Mana Island Resort hosted a group of students from Hong Kong over the weekend and had them engaged with few environment events. With a total roll of 56 students, they were surely the loudest group engaging with activities around the island. Upon arrival, they were greeted with a big BULA by the hotel management and staffs. They were also provided with refreshments before they were seated inside the conference room for briefing.

Spending their first time on the island, the students did not waste a second upon disembarking from the MV Tiger IV as they took pictures of the beautiful settings of Mana Island and sighing signs of relief breathing in the fresh breeze of the Mamanucas. They all looked very happy especially after long flights and connect transfers from destinations to destinations till they finally set foot on the island. The students could not wait to get into the water and feel the experience of a typical Fijian luxurious island getaway.

MES facilitated on the environmental aspects of their tour. Project Officer, Soropepeli Seru talked to the students on environment awareness and conservation of marine ecosystem. He stressed the importance of keeping the marine environment healthy as it holds one of the world’s unique and oldest structures which is coral reefs. Facing threats from natural and human impacts, coral reef is the oldest natural formation and also the most diverse and beautiful of all marine habitats. However, the health system of coral reefs around the world today is at risk and in danger of being lost forever.

The students got to understand how all these impacts have been affecting tiny islands like Fiji and other Pacific islands who have some of the world’s most diverse underwater community. From seeing pictures of corals being damaged and directly affected by human and natural activities explained in the presentation, the students were then led to an on site coral planting exercise.. Interestingly, coral planting is a principal technique used by MES in the course of trying to keep the world’s oldest underwater structure safe and increasing its quantity especially in the Mamanucas. Students got involved in the process laying hands planting corals and also accompanying staffs to the sea where the coral table was placed underwater nursery for growth. As normal procedure, this table will be left out in the nursery for a seven months maximum before the corals are transplanted from the table to the natural reef substrate.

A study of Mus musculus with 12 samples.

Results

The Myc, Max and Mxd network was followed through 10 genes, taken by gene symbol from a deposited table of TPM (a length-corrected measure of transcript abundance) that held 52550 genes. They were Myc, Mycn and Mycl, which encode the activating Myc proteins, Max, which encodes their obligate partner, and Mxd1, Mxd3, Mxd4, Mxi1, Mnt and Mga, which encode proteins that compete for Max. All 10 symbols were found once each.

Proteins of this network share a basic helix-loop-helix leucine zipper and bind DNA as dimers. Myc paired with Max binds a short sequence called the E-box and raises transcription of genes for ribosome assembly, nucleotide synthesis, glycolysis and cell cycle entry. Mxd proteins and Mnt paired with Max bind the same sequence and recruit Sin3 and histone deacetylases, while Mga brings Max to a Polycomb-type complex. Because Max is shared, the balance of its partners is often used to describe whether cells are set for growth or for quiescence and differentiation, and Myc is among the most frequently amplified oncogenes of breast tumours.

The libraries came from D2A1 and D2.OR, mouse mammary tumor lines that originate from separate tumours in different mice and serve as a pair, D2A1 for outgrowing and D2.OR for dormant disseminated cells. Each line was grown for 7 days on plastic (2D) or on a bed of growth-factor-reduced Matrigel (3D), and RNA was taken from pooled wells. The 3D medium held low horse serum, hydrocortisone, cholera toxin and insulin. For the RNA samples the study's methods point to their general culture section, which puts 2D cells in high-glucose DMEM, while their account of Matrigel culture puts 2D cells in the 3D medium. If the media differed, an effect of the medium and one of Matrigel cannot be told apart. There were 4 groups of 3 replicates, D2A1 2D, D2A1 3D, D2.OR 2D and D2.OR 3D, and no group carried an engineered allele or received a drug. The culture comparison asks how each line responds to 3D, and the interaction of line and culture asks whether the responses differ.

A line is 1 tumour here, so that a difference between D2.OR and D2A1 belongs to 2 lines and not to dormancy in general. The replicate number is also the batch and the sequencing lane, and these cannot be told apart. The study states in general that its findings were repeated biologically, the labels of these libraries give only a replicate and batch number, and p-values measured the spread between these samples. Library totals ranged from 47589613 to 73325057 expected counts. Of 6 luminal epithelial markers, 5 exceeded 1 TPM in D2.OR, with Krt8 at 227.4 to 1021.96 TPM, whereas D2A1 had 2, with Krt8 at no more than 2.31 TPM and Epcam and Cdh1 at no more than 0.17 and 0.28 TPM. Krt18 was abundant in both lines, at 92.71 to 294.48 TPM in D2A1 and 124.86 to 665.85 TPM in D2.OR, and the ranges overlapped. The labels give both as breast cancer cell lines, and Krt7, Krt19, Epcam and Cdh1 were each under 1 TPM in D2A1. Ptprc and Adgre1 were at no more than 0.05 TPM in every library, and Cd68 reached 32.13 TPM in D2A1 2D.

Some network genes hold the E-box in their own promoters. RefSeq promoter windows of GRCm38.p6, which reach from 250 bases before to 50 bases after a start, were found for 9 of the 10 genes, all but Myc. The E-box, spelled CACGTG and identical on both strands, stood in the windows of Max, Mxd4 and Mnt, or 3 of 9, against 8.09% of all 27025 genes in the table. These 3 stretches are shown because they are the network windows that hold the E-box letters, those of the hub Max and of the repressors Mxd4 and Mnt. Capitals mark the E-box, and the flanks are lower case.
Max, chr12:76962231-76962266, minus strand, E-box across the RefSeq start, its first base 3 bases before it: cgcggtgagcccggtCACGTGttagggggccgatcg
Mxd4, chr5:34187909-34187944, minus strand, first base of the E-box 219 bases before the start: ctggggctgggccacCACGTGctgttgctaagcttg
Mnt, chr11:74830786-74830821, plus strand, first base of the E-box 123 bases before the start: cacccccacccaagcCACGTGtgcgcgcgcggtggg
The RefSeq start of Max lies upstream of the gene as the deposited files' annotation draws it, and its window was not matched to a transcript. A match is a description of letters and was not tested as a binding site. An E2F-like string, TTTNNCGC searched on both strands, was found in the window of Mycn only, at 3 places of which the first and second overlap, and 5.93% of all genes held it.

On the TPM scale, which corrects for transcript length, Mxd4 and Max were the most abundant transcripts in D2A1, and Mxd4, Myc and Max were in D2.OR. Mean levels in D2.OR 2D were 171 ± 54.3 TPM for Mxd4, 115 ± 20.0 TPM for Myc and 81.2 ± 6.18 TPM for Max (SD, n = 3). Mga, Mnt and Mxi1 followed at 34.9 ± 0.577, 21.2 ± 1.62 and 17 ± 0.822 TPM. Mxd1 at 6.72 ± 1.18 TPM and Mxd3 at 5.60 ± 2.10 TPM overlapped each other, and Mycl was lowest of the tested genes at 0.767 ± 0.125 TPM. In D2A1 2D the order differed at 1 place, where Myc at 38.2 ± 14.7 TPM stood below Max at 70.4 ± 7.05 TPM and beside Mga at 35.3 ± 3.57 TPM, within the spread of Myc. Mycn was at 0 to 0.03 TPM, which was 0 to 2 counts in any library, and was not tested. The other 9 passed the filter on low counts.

The next day kicked off with an early start, hiking up to Look out point before daybreak, to capture the sunrise. Returning from Look out Point, the students headed for breakfast. After breakfast the students gathered at the North beach bure to begin the days program. Starting off with a beach clean up, the students collected mostly debris and plastic at the South beach towards the honeymoon bures, exercising sorting of rubbish on site. At the completion of the beach clean up, MES facilitating Officer Miss Filomena Serenia, highlighted the importance of proper solid and waste disposal, and the effects of improper waste disposal on water quality and coral reefs. On the way from the honey moon bures to the turtle pond, students learnt of Fijian medicinal plants. At the turtle pond, Miss Serenia explained to the students the biology and ecology of sea turtles and their importance to the Fijian culture and traditions, Miss Serenia then proceeded to talk about the MES turtle conservation project in the Mamanucas.

Leaving the turtle pond, the group headed for the resort plant nursery to collect seedlings for tree planting. A pleasant surprise was awaiting the group, the students got to see one of Fiji’s endangered species, the Fiji Banded Iguana. The young banded iguana was just found that morning perched on a beach hibiscus plant, according to the staff of the resort; this was the first ever to be found on Mana.

With the excitement of the new found iguana still riding high, the students eagerly made their way to the north beach to plant coconut trees and also mango trees which are planted  a few feet inland from the beach.

The tree planting marked the end of the program, and also instilled in the students a sense of ownership to something they can always return to and call their own, on their next visit. The students, teachers and facilitator all posed for a group shot before dispersing for lunch.